Fraser Institute: Do Government Training Programs Work?
November 1, 1997
In a recent study, Canada's Fraser Institute looked at U.S. programs to train workers -- such as those targeted at welfare recipients, youths from low-income families and school dropouts. The study concluded these programs just aren't working.
According to the study, after massive federal investments in U.S. job-training programs over 30 years, the evidence suggests that workplace prospects for those with low skill levels and little education were not improved.
- Programs designed to target single parents failed to achieve the goals set out by program administrators.
- Programs often have no effect and -- even when outcomes are statistically significant -- the impact is not substantive enough to improve the income of welfare recipients.
- In half the cases, training did not result in reductions in welfare rolls -- but even where there were reductions, they only ranged from 1.1 to 5.2 percentage points.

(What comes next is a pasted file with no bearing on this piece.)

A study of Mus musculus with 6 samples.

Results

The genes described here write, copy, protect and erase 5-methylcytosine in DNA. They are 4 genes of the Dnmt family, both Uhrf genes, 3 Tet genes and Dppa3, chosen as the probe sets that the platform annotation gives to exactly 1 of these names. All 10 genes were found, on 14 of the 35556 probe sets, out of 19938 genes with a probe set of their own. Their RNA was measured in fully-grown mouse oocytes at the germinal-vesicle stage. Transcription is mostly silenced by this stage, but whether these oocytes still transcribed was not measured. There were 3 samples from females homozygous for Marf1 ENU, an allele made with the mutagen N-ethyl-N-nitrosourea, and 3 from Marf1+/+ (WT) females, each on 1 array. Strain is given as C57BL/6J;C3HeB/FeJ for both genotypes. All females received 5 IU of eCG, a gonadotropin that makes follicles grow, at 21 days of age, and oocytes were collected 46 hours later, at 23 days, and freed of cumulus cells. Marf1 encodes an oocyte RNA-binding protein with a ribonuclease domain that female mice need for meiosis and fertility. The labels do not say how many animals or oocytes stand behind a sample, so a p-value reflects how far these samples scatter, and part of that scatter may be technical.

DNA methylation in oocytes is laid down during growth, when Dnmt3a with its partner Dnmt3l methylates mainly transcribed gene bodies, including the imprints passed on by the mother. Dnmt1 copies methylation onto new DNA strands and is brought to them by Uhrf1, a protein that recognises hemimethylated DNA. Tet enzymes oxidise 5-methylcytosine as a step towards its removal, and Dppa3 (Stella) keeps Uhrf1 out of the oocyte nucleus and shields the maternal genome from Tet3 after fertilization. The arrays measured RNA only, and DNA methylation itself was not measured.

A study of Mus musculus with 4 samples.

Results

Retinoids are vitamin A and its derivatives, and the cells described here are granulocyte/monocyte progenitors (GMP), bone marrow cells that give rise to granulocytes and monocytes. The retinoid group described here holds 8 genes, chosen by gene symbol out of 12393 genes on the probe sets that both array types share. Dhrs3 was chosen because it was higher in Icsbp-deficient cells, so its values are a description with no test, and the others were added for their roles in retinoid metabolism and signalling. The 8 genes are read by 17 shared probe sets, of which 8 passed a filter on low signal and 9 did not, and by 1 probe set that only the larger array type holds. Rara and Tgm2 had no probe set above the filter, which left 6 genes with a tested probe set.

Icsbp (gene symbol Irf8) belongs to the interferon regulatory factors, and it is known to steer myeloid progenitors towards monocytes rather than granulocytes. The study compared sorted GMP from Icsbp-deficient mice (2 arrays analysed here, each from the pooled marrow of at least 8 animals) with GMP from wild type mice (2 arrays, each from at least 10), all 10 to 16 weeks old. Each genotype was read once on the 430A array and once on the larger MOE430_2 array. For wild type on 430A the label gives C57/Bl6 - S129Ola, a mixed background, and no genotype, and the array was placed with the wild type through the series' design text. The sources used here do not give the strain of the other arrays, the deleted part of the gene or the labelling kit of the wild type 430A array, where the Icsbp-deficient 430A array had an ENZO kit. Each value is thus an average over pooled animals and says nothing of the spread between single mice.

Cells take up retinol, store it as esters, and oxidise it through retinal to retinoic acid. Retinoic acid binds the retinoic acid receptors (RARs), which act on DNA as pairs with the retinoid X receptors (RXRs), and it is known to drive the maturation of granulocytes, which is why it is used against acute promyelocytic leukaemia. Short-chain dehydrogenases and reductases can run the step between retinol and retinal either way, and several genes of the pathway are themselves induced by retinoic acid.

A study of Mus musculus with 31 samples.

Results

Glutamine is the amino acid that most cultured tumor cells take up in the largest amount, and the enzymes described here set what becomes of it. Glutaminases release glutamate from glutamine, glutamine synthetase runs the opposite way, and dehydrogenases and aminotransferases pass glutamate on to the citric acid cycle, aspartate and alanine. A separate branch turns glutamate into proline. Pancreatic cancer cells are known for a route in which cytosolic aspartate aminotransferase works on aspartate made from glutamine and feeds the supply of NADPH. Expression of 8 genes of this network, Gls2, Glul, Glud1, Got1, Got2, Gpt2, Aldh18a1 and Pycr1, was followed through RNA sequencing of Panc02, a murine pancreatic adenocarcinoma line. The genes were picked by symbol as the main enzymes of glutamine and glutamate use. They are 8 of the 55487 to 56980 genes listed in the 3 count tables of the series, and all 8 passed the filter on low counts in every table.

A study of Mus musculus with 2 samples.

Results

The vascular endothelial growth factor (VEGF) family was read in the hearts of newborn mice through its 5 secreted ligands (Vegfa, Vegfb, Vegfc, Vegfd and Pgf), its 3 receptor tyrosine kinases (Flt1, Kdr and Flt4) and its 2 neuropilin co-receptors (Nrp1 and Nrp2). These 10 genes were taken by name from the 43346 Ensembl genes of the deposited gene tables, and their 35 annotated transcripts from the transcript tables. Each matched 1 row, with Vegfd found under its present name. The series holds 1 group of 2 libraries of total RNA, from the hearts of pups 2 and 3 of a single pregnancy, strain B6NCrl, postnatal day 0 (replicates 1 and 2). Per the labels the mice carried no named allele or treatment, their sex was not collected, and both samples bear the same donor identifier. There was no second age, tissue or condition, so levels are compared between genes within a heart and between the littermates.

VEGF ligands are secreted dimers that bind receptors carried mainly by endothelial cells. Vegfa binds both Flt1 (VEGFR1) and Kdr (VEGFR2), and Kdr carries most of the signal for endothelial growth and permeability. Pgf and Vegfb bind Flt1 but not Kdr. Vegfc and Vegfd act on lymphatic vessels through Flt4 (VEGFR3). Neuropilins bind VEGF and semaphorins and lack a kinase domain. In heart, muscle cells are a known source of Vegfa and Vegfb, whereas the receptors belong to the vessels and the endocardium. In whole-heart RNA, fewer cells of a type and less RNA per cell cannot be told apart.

The Fraser study says improved education at the elementary and secondary level is the key to progress -- rather than intervention later in life.
Canada reportedly experiences many of the same problems with its public school system that we do. Noting that private schools in the U.S. educate pupils at less than one-half the per pupil cost of public schools, the report recommended adoption of a voucher program to enable students to attend private schools. It also heartily endorsed the charter school concept.
Source: Fazil Mihlar and M. Danielle Smith, "Government-Sponsored Training Programs: Failure in the United States, Lessons for Canada," Critical Issues Bulletin, November 1997, Fraser Institute, 626 Bute Street, Vancouver, B.C., Canada V6E 3M1, (604) 688-0221.